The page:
A Medical Device Daily
Boston Scientific (BSX; Natick, Massachusetts) reported completing its previously disclosed $17.6 million acquisition of CryoCor (San Diego), a company focused on the treatment of cardiac arrhythmias (Medical Device Daily, April 17, 2008).
Under the terms of the transaction, all remaining outstanding CryoCor shares are entitled to receive $1.35 per share in cash. CryoCor is now an indirect, wholly-owned subsidiary of Boston Scientific.
The acquisition follows on the heels of a development agreement between the two companies, in place since June 2007, to pursue therapeutic solutions for atrial fibrillation (AF), the most common cardiac arrhythmia, which affects millions of people around the world (MDD, July 2, 2007).
The development agreement involved the development of a console to deliver cryo energy to Boston Scientific's cryo balloon catheter. The company's cryo balloon is being developed to provide a safe, standardized and broadly applicable method to isolate the electrical activity originating from the pulmonary veins, which are believed to be a source for the initiation and propagation of AF.
CryoCor initially received a hard-won approval for use of its Cardiac Cryoablation System for the treatment of right atrial flutter (AFL), a condition in which the upper chambers of the heart do not pump in synch with the lower chambers, following a 8-2 nod by an advisory panel last June (MDD, June 29, 2007).
It then entered its development agreement with Boston Sci less than a month prior to its formal PMA approval by the FDA, a move that CryoCor CFO Gregory Tibbits admitted to MDD at the time was "enabling a potential competitor," though he noted that the larger firm was still working on feasibility studies of its cryogenic balloon catheter.
Last August, CryoCor became the first company to report the completion of enrollment in a U.S. pivotal clinical study for the treatment of AF (MDD, Aug. 28, 2007), again raising questions as to why the company would sell out so cheaply. The company had enrolled more than 170 patients in its pivotal clinical study and planned to complete a 12-month follow-up for each patient.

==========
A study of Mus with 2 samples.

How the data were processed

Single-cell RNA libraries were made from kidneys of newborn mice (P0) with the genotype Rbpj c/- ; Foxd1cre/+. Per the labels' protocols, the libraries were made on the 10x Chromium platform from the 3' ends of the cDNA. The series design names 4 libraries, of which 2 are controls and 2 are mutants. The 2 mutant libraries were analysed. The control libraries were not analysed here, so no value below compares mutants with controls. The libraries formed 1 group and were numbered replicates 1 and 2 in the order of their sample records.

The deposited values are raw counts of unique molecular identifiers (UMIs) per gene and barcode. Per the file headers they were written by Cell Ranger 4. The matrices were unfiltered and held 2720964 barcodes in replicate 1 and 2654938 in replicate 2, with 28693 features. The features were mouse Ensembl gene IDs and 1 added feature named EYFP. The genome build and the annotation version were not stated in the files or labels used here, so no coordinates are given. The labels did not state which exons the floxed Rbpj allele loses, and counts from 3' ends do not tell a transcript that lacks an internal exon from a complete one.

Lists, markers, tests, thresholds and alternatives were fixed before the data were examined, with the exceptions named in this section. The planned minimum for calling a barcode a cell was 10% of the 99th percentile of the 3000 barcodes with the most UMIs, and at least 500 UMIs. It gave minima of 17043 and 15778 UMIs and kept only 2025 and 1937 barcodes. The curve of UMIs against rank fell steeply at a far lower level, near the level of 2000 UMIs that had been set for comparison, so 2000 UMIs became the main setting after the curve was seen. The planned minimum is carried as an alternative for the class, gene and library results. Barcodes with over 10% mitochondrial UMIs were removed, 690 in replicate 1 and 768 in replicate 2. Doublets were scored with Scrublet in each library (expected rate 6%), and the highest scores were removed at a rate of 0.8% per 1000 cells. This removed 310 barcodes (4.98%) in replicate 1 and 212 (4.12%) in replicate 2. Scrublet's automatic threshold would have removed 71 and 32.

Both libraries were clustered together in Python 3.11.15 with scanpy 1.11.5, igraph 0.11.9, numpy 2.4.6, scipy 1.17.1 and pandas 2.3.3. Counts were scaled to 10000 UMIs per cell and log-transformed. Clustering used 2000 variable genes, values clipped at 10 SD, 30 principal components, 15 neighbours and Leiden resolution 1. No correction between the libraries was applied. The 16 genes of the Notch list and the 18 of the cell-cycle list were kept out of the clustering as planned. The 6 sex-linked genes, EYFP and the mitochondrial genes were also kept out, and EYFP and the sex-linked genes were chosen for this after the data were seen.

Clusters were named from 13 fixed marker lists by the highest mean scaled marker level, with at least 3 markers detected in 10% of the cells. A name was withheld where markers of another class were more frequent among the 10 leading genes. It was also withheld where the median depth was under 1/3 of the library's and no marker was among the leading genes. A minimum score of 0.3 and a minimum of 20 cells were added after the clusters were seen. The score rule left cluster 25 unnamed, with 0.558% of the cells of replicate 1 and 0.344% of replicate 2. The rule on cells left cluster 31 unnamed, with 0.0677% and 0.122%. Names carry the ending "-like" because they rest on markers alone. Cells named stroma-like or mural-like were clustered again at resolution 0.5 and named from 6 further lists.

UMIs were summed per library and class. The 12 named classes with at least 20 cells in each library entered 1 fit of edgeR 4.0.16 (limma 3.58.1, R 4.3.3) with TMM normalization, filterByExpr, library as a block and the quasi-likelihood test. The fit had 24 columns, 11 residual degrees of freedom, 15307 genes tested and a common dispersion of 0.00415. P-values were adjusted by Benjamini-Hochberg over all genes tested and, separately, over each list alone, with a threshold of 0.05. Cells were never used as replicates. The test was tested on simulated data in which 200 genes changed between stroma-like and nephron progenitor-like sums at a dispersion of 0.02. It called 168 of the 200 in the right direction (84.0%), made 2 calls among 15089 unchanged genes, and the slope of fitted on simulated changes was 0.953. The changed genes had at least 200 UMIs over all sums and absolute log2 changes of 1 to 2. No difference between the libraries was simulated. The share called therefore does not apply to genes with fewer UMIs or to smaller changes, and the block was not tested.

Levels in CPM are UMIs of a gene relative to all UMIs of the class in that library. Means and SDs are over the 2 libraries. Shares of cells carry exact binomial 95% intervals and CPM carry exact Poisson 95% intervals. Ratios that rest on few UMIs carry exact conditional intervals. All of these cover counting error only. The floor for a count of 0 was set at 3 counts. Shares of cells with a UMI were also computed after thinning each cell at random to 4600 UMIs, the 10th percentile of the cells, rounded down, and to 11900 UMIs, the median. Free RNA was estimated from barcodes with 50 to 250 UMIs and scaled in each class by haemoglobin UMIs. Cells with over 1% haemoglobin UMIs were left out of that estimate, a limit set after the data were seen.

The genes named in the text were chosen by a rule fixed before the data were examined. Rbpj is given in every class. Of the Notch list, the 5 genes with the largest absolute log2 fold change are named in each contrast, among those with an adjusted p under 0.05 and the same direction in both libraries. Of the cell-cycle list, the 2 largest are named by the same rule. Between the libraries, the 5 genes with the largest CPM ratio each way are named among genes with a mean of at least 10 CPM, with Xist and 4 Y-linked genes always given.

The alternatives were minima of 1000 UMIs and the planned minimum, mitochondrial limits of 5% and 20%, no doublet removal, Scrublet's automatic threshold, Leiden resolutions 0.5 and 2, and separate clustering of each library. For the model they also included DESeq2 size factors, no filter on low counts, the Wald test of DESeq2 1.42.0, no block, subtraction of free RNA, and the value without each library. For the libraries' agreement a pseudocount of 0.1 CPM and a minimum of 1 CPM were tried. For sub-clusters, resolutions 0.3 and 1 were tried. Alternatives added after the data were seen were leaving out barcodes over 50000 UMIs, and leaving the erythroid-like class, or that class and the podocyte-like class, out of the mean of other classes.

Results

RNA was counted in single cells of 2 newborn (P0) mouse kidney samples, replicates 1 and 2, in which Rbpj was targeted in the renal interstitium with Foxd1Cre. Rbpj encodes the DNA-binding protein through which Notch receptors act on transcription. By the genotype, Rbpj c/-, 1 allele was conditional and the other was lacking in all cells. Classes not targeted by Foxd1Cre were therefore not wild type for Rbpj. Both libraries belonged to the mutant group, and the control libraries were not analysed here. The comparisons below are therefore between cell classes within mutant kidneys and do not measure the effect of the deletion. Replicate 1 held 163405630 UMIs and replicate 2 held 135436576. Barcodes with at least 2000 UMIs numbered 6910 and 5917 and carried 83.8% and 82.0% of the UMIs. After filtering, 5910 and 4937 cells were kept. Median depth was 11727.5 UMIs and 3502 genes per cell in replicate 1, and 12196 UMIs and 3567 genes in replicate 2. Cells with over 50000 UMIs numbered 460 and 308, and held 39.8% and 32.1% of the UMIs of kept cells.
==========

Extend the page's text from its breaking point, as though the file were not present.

Earlier this month, two alleged holders of CryoCor common stock filed a complaint in the Superior Court of the State of California, County of San Diego, naming as defendants each member of the company's board of directors, CryoCor and Boston Scientific.
The plaintiffs purport to bring the action on behalf of a class consisting of all holders of CryoCor common stock, except the defendants and their affiliates
The plaintiffs allege in their complaint that the board of directors of CryoCor, "aided and abetted" by Boston Scientific, breached their fiduciary duties in approving the agreement and plan of merger, dated April 15, by Boston Scientific subsidiary Scimed (Maple Grove, Minnesota) and Padres Acquisition, a wholly owned subsidiary of Boston Scientific/Scimed and CryoCor.
Based on its review of the complaint, CryoCor said that it believes the action is "without merit" and intends, along with its board, to defend the action "vigorously."
In another deal, Natus Medical (San Carlos, California) reported that it has completed its previously disclosed acquisition of Sonamed (Waltham, Massachusetts) for $9 million in cash (MDD, April 16, 2008).
Jim Hawkins, CEO of Natus, said the company expects Sonamed's Clarity screener "to further fill out our product line in newborn hearing screening. With two-thirds of Sonamed's revenue coming from disposable supplies, combined with their high-gross-profit margin, we believe Sonamed's products will be an ideal fit for our business model."
Sonamed makes supplies that aid medical practitioners in screening for hearing loss in newborns.
The privately held company reported revenue of $3.5 million for its year ended Dec. 31 and had cash of about $2.7 million as of the date of the acquisition.
Natus is a provider of healthcare products used for the screening, detection, treatment, monitoring and tracking of common medical ailments such as hearing impairment, neurological dysfunction, epilepsy, sleep disorders and newborn care.
In other dealmaking news: Biomaterials company the Polymer Technology Group (PTG; Berkeley, California) reported that it has in-licensed a family of bioresorbable polymers from Bezwada Biomedical (Hillsborough, Oregon), whose founder and president, Rao Bezwada, PhD, also will serve as a consultant to PTG. Terms of the agreement were not disclosed.
Polymers specifically designed to degrade under physiological conditions are often referred to as "absorbable," "biodegradable" or "bioresorbable" polymers. With this in-licensing event, PTG said it will now be able to offer a wider range of new and generic bioresorbable polymers to the med-tech industry for use in medical devices, drug delivery and tissue engineering.